Is chipmaker AMD (NASDAQ:AMD), which lost 39% of its market value over the past year, a contrarian bet which could bounce back later this year?

Several Wall Street firms think so. Wells Fargo, which has an "outperform" rating on the stock, recently maintained its $3.00 to $3.50 price target on AMD. FBR & Co., which rates AMD as a "hold", also set a price target of $3.50. Could AMD really hit $3.50 -- which is nearly 50% higher than its current price -- or is it just wishful thinking?

Source: AMD

Understanding the bear case
To understand the bull case for AMD, we should first discuss its main problems.

AMD's business is split into two main units -- Computing & Graphics and EESC (Enterprise, Embedded, and Semi-Custom). The Computing and Graphics unit sells x86 chips, APUs, GPUs, and add-in graphics cards. The EESC unit sells embedded chips and SoCs for other products, such as microservers and game consoles.

AMD's Computing & Graphics division is being crushed between Intel (NASDAQ:INTC) in x86 chips and Nvidia (NASDAQ:NVDA) in graphics chips and add-in cards. AMD currently controls single-digit market shares of the notebook and server CPU markets, and less than 20% of the desktop market, according to IDC. In add-in graphics boards, AMD controlled just 24% of the market at the end of 2014, compared to Nvidia's 76% share, according to JPR. AMD's EESC unit has fared better, thanks to strong demand for gaming consoles.

Unfortunately, neither business posted sales growth last quarter.


1Q Revenue

YOY growth

% of 1Q Revenue

Computing & Graphics

$532 million




$498 million



Source: AMD quarterly earnings report

Average selling prices declined at both divisions. The Computing and Graphics unit reported an operating loss of $75 million, down from a profit of $3 million in the prior year quarter. Operating income at EESC fell 47% annually to $45 million. AMD's total revenue fell 26% year over year as its net loss widened from $20 million to $180 million.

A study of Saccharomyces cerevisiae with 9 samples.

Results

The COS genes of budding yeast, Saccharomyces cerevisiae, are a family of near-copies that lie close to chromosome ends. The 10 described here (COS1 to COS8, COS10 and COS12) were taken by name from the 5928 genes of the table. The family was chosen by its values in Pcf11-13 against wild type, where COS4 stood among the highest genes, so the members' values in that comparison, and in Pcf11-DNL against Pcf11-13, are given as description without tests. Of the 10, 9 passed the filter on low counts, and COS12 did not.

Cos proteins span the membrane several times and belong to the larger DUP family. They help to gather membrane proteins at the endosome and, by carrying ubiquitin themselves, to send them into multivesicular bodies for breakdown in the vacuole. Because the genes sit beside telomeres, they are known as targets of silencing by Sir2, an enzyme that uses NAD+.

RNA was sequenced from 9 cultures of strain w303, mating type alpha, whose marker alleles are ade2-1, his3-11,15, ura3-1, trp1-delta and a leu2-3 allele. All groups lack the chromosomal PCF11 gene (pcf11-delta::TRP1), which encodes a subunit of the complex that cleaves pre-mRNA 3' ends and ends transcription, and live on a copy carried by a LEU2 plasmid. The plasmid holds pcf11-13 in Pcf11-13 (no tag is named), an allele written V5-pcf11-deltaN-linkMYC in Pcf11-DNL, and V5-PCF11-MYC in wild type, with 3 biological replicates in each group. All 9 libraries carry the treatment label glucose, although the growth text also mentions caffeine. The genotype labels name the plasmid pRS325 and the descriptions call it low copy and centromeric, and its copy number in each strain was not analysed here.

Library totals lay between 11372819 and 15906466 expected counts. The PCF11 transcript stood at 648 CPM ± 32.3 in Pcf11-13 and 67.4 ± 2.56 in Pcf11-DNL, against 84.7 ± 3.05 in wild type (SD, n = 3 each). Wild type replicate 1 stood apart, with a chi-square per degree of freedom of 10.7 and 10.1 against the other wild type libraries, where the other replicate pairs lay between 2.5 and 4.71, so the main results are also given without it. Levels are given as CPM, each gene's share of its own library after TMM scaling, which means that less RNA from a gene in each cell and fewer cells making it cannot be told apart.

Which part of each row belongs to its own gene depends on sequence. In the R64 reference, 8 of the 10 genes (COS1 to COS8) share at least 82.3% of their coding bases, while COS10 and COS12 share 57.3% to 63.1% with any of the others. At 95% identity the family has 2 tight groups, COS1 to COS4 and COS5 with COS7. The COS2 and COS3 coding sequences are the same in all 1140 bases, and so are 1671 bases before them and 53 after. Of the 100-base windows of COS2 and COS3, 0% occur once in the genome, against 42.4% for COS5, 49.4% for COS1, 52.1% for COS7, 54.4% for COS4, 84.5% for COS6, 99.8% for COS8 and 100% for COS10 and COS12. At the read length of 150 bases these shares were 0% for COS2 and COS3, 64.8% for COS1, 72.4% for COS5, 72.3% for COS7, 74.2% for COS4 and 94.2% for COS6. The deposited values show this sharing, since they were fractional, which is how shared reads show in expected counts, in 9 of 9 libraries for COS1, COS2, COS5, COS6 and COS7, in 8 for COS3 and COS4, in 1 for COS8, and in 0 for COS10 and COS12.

Finding the silver lining
Despite all those gloomy figures, AMD stock is technically undervalued based on its price-to-sales ratio of 0.35. By comparison, Intel and Nvidia respectively trade at 2.8 and 2.4 sales.

However, Intel and Nvidia's sales are consistently rising, while AMD's are plunging. So until AMD can post stable revenue growth again, its P/S ratio can't be considered a reliable metric of the stock's "cheapness."

AMD Revenue (TTM) Chart

Source: YCharts

To get that growth back on track, AMD discussed two long-term strategies during its analyst day in early May.

First, AMD intends to focus on three higher-margin, higher-growth markets -- gaming, immersive (virtual/augmented reality) platforms, and data centers. In 2016, AMD will return to the high-end market with Zen, a new x86 CPU design. Zen's ARM (NASDAQ:ARMH) based sibling, K12, will arrive the following year. AMD hopes that offering higher performance chips will help it gain ground in the desktop and data-center markets against Intel.

Second, AMD plans to avoid crowded low-margin markets like smartphones, tablets, and IoT client devices. That might be a smart move, considering how heavily Intel subsidized its mobile partners just to gain a toehold in the market.

AMD's long-term goal
Based on those plans, AMD unveiled a long-term growth model for its revenue and operating margins.


Flat to down

Mid-single digit % growth

Double-digit % growth



GPUs, Semi-custom

Pro graphics, server, embedded

Operating margin



Pro graphics, server, embedded, semi-custom

Source: AMD presentation

If AMD can hit those targets, it expects to claw its way back to annual earnings of $0.50 per share. AMD didn't set an exact date for that forecast, but analysts on average still expect AMD to post a loss of $0.24 per share in fiscal 2015.

Source: AMD presentation

Much of AMD's future depends on its ability to avoid costly battles with entrenched competitors, predicting market trends, and rapidly expanding into overlooked markets. AMD believes that it can effectively execute those strategies, but the numbers don't back up that claim yet.

Should you buy AMD today?
AMD isn't a stock for queasy investors. Its products still have value, but with its market share, revenue, and profits all headed in the wrong direction, it's too optimistic to expect AMD to ever achieve $0.50 per share or for its stock to surge 50%.

It's bold of AMD to challenge Intel in the server and PC markets, but investors should remember that Intel's deep pockets and in-house foundry let it consistently produce the most powerful PC and server chips on the market. AMD might establish an early presence in immersive platforms and other niche markets, but there's no guarantee that Intel or other rivals won't expand into those markets when they get bigger. Therefore, I'd like to see real signs of improvement -- in solid numbers -- before I invest in AMD's turnaround plans.